Business

Banker pay data called for by Treasury Committee

City of London skyline
Image caption The scale of bankers' pay remains a controversial issue with the public

MPs have asked the City watchdog to reveal data on the number of UK bank employees earning more than £1m a year.

The Treasury Select Committee has asked the Financial Services Authority to collate the data.

But it said the information could be limited after banks complained about a risk to their competitiveness.

An FSA spokeswoman said that the letter had been received but could give no details on when the data would be released.

While bank board member pay is on the company accounts, remuneration data of other big earners is not available.

The Treasury Committee headed by Andrew Tyrie has been taking evidence from leading bankers in recent weeks, including the head of Barclays Bob Diamond.

While it is officially focused on competition in the UK banking sector, much of the committee's questioning has been around pay and bonuses.

"We remain concerned to ensure that remuneration structures are aligned with the interests of shareholders," Mr Tyrie said in his letter to FSA chief executive Hector Sants.

'Systematically significant'

The proposal to release the information was first put forward in Sir David Walker's review into the corporate governance of banks - released in 2009.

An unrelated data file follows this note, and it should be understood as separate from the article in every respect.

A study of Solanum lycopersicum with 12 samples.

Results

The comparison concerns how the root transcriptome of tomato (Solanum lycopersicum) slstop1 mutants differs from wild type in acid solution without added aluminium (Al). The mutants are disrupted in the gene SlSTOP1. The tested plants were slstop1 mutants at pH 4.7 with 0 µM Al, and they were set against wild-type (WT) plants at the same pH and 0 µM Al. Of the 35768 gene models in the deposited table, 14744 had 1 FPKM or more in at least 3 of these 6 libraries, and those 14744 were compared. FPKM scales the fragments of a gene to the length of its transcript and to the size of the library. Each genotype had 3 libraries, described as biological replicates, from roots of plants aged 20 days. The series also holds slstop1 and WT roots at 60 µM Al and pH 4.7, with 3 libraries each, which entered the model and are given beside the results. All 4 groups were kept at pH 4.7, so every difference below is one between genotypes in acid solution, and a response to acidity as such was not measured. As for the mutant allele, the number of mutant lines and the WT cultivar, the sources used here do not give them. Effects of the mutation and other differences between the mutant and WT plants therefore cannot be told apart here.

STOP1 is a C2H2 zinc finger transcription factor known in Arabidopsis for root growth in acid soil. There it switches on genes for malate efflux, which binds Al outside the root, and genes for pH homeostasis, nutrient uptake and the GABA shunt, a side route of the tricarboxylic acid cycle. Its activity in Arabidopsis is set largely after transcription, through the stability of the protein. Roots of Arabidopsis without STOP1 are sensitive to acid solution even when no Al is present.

Mr Tyrie asked Mr Sants to release the data as recommended by the Walker review.

That includes FTSE 100-listed banks and the largest building societies disclosing, in bands, the number of "high end" employees, including executive board members.

The bands would show the number of people taking home £1m to £2.5m, £2.5m to £5m, and then in £5m bands thereafter.

Within each band, the main elements of salary, cash bonus, deferred shares, performance-related long-term awards and pension contribution should be disclosed.

Mr Tyrie also asked for details of all those earning the same as or more than the least well-paid executive board member at a firm.

He said the data could "provide a measure of disclosure on the number of highly-incentivised employees in our largest and most systematically significant banks".

Restricting the way the data was presented "should address the banks' concern about competitiveness", he added.